Brussels (Brussels Morning) The Kara Tepe refugee camp on the Greek island of Lesbos is ill-suited for winter conditions, and has been hard hit by rapidly falling temperatures, while aid agencies sound the alarm over the worsening conditions, Deutsche Welle reported on Tuesday.
Camp residents are using Instagram and a separate online platform to share their plight with the outside world, since the authorities have barred photographers and TV crews from accessing the camp.
An image of two tents burning appeared recently on Instagram, showing two women calling for help amidst billowing smoke. “Yet another fire at the second Moria camp on Lesbos”, the description read. “This is not the first time, it won’t be the last. This is because the government does not care about refugees”.
Last week, as a sudden drop in temperature hit Greece, hail and snow descended on Lesbos, prompting the UNHCR to issue an appeal for help, with a warning that the thousands of refugees living in tents are facing “freezing temperatures and icy wind in precarious conditions”.
Kara Tepe was constructed after a fire destroyed most of the Moria camp in September 2020. It is surrounded by barbed wire fencing and under constant surveillance. Currently, it houses some 7,000 out of 15,000 displaced people living in makeshift camps on Greek islands.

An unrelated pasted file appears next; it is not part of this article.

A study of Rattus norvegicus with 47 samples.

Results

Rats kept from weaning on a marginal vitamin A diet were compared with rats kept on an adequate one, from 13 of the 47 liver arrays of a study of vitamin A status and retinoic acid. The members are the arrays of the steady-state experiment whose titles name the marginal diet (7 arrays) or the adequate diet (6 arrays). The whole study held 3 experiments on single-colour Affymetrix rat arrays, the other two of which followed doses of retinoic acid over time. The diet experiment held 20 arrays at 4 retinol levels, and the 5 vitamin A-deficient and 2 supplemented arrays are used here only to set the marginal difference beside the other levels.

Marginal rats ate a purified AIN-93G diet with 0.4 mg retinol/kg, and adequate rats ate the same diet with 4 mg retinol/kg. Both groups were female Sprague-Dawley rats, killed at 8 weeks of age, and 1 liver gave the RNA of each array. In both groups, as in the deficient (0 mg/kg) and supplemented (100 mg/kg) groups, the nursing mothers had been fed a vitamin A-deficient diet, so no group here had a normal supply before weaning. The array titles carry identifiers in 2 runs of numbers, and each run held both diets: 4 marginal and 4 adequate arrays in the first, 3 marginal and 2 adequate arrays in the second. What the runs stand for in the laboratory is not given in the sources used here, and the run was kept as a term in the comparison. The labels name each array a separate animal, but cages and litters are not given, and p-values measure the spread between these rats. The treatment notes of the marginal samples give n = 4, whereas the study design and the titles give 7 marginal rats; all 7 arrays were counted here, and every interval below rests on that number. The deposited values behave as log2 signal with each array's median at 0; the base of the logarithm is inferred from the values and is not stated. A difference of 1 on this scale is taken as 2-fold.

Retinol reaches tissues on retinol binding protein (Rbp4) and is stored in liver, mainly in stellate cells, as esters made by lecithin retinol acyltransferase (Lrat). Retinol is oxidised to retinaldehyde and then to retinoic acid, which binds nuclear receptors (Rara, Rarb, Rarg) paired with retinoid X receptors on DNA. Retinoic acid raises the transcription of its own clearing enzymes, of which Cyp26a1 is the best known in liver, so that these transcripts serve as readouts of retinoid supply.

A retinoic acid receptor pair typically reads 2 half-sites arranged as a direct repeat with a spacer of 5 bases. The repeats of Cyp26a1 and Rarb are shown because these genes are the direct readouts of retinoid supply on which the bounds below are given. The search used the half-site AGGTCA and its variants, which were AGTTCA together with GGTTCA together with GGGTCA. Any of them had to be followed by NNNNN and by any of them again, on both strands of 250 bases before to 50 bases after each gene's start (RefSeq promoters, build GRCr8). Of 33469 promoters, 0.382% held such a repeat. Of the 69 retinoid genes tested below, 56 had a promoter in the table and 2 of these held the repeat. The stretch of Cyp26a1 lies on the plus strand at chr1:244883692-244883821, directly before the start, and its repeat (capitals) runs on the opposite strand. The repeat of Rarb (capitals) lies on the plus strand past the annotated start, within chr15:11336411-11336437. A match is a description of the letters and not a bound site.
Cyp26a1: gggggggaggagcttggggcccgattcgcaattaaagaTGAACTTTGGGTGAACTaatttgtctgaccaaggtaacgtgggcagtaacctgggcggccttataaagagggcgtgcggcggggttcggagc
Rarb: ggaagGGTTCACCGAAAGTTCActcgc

The residents are no longer allowed to cook for themselves, after the September fire, with the military serving them daily meals. A strict lockdown is in place, ostensibly to prevent the spread of coronavirus. More than one third of the camp’s residents are minors.
The camp already suffered flooding in December, and Caritas International warned that the camp facilities are inadequate for its residents, citing lack of toilets and no reliable supply of food and water.
Further warnings came last week, as Human Rights Watch published a report revealing that parts of the camp had been built on ground contaminated with lead, and accusing the Greek government of ignoring the issue and attempting to downplay the dangers.
The EC has recently increased its funding to 30 million euro to fly the refugee families to other countries willing to receive them, including Germany, France, Belgium, Bulgaria, Croatia, Finland, Ireland, Portugal Slovenia, the Netherlands, Norway and Sweden. But the transport is slow, and many children and adults continue to live in dangerous, unsanitary conditions.